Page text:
Football? Earl Campbell prefers to spend his Sundays watching golf.
The Texas legend is getting some media attention in the build-up to Super Bowl LI in Houston, where he spent the majority of his NFL career playing for the Houston Oilers.
In an interview with USA Today, he compared the modern game to professional wrestling and rattled off the names of pro golfers he watches instead.
“And we all know now that we’re grown men that wrestling’s fake,” he said. “Well, football is not played like it was when I played.
“It was real football when Jack Tatum (a Hall of Fame safety for the Oakland Raiders) and I hit each other on the 2-yard line and I backed into the end zone. And after the game I said, ‘Hey, that’s the best I had,’ and he said, ‘That’s the best I had, too, Campbell.’ I mean, that was real football. But now … ”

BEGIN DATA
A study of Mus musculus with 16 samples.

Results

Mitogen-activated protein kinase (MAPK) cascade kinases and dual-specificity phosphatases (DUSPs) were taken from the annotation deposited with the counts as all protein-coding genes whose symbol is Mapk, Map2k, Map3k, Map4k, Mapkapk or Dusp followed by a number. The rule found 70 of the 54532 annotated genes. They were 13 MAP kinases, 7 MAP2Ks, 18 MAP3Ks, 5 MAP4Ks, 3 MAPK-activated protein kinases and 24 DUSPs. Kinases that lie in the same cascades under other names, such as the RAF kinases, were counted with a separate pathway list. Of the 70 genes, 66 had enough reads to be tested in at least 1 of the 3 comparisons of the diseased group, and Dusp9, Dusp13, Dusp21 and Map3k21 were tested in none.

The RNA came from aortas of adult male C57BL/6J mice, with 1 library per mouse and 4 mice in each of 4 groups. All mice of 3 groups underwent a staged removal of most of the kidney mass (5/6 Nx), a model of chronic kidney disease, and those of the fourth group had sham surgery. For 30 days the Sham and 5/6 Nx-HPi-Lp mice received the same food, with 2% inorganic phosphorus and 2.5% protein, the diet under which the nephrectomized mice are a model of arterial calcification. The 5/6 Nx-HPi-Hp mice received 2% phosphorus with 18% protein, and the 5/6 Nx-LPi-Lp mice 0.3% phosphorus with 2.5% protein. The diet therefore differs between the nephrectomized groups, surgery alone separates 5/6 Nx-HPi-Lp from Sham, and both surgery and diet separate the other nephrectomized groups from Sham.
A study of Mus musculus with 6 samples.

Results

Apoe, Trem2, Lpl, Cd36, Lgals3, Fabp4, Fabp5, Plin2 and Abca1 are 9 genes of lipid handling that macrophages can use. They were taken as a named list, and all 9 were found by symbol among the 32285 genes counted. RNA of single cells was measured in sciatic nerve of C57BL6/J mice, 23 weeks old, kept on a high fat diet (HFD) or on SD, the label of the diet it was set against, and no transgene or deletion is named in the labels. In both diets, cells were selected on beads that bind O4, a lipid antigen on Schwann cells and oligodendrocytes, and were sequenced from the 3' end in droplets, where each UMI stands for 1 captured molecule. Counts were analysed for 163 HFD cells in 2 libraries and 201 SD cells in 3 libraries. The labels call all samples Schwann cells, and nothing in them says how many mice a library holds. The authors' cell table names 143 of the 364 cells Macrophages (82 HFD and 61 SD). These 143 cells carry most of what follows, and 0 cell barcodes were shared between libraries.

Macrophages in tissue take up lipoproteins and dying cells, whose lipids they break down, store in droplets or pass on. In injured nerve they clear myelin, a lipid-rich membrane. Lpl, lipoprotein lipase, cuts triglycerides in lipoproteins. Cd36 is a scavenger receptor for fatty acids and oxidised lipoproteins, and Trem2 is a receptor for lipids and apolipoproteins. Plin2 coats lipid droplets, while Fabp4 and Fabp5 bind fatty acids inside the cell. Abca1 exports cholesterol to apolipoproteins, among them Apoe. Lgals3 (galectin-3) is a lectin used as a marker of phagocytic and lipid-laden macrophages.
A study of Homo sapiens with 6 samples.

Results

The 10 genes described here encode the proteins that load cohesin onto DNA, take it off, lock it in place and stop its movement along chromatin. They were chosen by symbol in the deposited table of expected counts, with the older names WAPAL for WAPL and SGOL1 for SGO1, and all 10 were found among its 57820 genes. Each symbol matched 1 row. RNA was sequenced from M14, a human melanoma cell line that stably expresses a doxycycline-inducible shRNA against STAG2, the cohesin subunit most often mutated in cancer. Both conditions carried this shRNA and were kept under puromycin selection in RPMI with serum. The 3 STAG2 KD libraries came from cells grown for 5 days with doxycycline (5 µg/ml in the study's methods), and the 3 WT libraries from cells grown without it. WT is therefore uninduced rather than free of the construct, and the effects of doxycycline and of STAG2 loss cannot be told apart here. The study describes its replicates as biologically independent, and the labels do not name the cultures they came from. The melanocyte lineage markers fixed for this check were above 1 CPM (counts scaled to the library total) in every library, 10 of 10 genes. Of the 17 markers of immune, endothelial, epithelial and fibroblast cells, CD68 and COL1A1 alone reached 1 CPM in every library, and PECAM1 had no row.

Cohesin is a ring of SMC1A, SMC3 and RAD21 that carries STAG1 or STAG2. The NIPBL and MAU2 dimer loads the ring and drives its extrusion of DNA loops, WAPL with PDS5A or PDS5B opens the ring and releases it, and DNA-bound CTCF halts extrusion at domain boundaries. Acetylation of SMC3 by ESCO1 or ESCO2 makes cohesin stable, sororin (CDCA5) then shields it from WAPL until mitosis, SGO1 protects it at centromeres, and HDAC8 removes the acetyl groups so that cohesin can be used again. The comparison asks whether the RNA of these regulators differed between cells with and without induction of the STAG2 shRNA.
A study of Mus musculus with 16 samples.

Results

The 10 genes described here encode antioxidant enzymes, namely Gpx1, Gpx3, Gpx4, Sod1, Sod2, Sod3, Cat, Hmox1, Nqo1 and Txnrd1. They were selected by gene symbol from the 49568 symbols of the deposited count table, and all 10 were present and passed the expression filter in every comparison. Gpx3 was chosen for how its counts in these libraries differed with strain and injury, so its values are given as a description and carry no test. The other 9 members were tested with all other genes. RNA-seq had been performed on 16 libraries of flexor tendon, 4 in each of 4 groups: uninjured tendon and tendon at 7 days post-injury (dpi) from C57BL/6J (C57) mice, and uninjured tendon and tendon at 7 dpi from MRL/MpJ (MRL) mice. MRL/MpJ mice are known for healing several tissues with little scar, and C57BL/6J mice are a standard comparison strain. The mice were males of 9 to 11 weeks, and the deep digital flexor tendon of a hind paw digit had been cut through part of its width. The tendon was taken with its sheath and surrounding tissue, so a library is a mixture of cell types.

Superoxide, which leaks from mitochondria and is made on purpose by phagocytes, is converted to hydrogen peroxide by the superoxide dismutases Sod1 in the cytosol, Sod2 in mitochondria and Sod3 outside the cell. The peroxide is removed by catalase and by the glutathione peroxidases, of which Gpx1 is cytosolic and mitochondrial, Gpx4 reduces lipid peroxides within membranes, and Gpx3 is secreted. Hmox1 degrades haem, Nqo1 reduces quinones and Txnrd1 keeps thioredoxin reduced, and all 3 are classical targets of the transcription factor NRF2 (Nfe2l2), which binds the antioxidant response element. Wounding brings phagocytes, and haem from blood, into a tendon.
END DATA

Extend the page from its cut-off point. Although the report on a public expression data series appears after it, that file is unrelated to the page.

Campbell went on to lament the excuses he hears from current players, including “I can’t play because my head hurt.”
“That wouldn’t have got the job done back in my day,” he said, although he acknowledged that he is glad the NFL has done more in recent years to educate players about football-related concussions and chronic traumatic encephalopathy (CTE).
It is clear the NFL will never go back to the style Campbell prefers. He is unlikely to turn on the TV and see a bruising runner that reminds him of the way he used to play. Campbell knows all about the side effects of that type of play, having dealt with knee replacements, back surgeries and substance abuse.
It’s also clear that he wouldn’t do anything differently, and wishes modern players would take that same mentality.
“It’s great that they’re teaching guys about the CTE and the tackling and all that,” he said. “But to play football you’ve got to be pretty physical. Sometimes I think a lot of guys are getting hurt in the game of football now because they’re trying to remember how not to tackle someone.”
The whole story is certainly worth a read.
And don’t worry, Campbell hasn’t gone all-in on golf. We know how much he loves watching the Longhorns, and his all-day binges watching college football in his “man cave” sound like the stuff of legend.